SOPA and PIPA protest power: why Marco Rubio backed off piracy bill

Sen. Marco Rubio was one of the original co-sponsors of the Senate's anti-piracy bill, but he reversed course Wednesday amid a flurry of protests against PIPA and SOPA.

Alan Diaz/AP
Marco Rubio thanks supporters in Coral Gables, Fla., after winning his senate bid during the midterm elections. On Wednesday, Senator Rubio did an about-face and withdrew his support for the Protect Intellectual Property Act (PIPA).

Florida Senator Marco Rubio Wednesday did a sharp about-face and withdrew his support for the Protect Intellectual Property Act (PIPA) in the face of widespread Web protests that the Senate bill and a companion House measure would restrict Internet freedom.

This being a political blog, not a techie one, our question is this: Does Senator Rubio’s flip-flop help or hurt his chances of becoming the GOP’s 2012 vice-presidential candidate?

First, some background: Rubio was one of the original co-sponsors of the PIPA legislation. Supporters say PIPA would help stop international electronic piracy, which is sapping dollars and jobs out of the US movie, music, and publishing businesses. Opponents say it would go too far by, among other things, empowering the US government to decide whether to block access to foreign websites it deems suspect.

Florida has a big movie industry presence. (Disney World, anyone? Perhaps the Universal Studios tour?) But Rubio for weeks has faced pressure from constituents and some conservative commentators to oppose PIPA and its government-centric solution to the Internet piracy problem.

On Wednesday, the day Wikipedia went black and homework came to a halt, Rubio was one of the first of a string of senators who decided to change their minds. He announced the change on his Facebook page, saying, “Furthermore, I encourage Senator Reid to abandon his plan to rush the bill to the floor. Instead, we should take more time to address the concerns raised by all sides, and come up with new legislation that addresses Internet piracy while protecting free and open access to the Internet.”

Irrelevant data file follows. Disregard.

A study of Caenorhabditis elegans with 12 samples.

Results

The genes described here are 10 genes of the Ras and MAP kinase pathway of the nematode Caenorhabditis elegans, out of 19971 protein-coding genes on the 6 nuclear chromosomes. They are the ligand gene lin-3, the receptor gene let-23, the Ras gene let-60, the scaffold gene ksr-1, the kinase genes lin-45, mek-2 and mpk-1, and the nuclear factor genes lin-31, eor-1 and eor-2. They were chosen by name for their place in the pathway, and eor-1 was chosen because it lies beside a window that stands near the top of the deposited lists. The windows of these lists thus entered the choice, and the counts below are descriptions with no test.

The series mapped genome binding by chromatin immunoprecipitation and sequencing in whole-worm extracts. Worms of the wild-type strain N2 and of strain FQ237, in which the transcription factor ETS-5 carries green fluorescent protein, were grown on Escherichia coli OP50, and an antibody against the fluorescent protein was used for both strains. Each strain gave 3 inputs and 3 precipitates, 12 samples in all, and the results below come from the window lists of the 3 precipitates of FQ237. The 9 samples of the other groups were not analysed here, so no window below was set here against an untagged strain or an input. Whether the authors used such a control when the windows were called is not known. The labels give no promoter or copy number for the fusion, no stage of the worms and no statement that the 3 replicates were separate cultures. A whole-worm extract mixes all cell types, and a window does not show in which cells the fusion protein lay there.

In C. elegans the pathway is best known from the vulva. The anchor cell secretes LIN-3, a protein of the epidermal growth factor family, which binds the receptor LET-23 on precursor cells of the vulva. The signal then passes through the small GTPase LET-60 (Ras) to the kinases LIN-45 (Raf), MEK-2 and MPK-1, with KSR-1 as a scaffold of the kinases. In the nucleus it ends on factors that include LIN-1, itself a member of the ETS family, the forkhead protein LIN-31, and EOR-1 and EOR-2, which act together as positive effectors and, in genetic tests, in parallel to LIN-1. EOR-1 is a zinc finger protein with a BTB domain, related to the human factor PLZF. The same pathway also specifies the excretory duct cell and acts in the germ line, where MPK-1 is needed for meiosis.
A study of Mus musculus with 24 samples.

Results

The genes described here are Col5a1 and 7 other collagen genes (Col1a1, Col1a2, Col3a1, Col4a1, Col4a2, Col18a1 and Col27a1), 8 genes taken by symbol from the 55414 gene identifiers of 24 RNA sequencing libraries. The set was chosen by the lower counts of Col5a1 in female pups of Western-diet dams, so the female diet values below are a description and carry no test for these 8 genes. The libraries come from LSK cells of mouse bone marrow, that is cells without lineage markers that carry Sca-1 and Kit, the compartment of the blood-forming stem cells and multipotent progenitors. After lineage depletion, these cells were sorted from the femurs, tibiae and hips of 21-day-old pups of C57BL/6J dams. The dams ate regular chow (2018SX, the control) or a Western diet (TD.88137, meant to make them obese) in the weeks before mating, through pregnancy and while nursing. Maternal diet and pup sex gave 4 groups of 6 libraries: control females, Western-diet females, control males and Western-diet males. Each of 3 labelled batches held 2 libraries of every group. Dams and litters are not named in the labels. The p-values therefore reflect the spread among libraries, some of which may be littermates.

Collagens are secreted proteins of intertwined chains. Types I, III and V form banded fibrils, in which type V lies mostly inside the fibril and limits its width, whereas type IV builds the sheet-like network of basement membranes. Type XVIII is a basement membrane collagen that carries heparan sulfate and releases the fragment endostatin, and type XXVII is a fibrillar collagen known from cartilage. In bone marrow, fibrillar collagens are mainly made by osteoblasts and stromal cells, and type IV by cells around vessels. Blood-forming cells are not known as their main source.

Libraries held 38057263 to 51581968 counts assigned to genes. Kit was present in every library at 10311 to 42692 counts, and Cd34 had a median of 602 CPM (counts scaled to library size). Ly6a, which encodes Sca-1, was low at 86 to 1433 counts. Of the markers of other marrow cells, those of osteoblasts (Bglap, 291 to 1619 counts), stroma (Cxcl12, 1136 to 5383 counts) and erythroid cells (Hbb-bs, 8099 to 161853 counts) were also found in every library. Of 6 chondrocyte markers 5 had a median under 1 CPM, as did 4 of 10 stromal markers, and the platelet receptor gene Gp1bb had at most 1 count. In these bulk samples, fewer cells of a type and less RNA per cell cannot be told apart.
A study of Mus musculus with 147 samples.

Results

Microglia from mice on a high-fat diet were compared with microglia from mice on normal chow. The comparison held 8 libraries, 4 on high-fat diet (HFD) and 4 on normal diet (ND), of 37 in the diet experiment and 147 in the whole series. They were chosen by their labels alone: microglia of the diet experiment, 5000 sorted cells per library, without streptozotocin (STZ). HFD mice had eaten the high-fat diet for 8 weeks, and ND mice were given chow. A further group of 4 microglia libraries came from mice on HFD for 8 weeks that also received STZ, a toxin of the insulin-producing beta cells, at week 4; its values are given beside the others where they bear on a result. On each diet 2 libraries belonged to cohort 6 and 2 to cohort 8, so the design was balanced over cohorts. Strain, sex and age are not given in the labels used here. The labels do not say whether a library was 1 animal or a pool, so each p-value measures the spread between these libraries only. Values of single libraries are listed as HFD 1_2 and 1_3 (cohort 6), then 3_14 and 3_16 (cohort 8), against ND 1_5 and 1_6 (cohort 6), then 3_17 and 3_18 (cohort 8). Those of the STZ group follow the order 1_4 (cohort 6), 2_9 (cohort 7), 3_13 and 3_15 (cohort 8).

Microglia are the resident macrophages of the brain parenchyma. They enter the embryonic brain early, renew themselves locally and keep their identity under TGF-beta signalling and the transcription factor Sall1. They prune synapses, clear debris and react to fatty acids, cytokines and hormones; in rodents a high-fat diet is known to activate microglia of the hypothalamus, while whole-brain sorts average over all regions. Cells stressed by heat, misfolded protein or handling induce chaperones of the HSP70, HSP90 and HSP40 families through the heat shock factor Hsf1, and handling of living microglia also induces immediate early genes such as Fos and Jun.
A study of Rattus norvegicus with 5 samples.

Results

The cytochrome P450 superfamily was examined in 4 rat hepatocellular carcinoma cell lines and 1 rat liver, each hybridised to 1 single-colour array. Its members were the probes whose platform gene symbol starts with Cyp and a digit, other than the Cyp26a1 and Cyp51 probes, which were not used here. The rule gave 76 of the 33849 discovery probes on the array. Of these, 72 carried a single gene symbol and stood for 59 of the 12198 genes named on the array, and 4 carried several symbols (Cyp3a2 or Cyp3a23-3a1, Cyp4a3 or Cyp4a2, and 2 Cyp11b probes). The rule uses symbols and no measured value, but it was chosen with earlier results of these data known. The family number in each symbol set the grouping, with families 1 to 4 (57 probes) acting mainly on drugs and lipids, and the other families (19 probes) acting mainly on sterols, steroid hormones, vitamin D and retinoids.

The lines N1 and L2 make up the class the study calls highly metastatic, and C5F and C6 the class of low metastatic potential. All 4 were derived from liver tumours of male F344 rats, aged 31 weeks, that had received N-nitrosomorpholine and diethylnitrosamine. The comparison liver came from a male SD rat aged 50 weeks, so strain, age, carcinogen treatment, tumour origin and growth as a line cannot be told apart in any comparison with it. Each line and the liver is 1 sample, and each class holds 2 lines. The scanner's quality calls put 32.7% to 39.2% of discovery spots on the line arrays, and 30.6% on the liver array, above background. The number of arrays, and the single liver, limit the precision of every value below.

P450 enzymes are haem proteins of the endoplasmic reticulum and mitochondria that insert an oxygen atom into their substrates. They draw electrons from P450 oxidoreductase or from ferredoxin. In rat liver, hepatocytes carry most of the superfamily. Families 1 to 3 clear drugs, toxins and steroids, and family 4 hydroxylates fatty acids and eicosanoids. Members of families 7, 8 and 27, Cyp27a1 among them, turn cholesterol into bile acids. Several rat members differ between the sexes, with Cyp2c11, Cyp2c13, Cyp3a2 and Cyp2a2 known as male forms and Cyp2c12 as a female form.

Others who changed sides on this issue yesterday include Sen. John Cornyn (R) of Texas, Sen. Jim DeMint (R) of South Carolina, and Sen. Charles Grassley (R) of Iowa.

For his part, Rubio has long been mentioned as a prime veep choice – he’s young, telegenic, a tea party favorite, and hails from a swing state that commands a lot of electoral votes. He’d be a great complement for a northern ex-governor who is kind of stiff and not the first choice of conservatives. Not that we’re naming names, but his initials are Mitt Romney.

We think Rubio helped his chances with Wednesday’s PIPA switch. That’s because some conservative commentators who had vowed to oppose even his reelection if he supported the bill hailed his reversal as evidence of his fitness for higher office.

Senator Marco Rubio of Florida showed again why he is a real leader and listener within the conservative movement,” wrote Erick Erickson, editor of the conservative RedState blog and a fervent PIPA opponent, on Wednesday.

Other conservatives noted that one of the primary lobbyists supporting PIPA and its related House bill, the Stop Internet Piracy Act (SOPA) is Chris Dodd, the motion picture industry’s top person in Washington and a former Democratic Senator from Connecticut.

“All you need to know about SOPA ... is that Chris Dodd supports it,” noted the conservative National Review’s Corner blog.

So that’s what Rubo’s gained: He’s positioned himself against more government control of the economy, and against a guy who is a bête noir of Republicans for his co-authorship of the Dodd-Frank Wall Street Reform and Consumer Protection Act, which established a new government consumer watchdog group, among other things. Sounds like a VP possibility win-win, in our book.

However, we should note that opposition and support of the anti-piracy bill doesn’t break down easily along partisan lines. A conservative Republican, Rep. Lamar Smith of Texas, wrote the House’s SOPA bill. Two Democrats – Rep. Anna Eshoo of California and Rep. Earl Blumenauer of Oregon – blacked out their congressional websites on Wednesday in support of the fight against the legislation.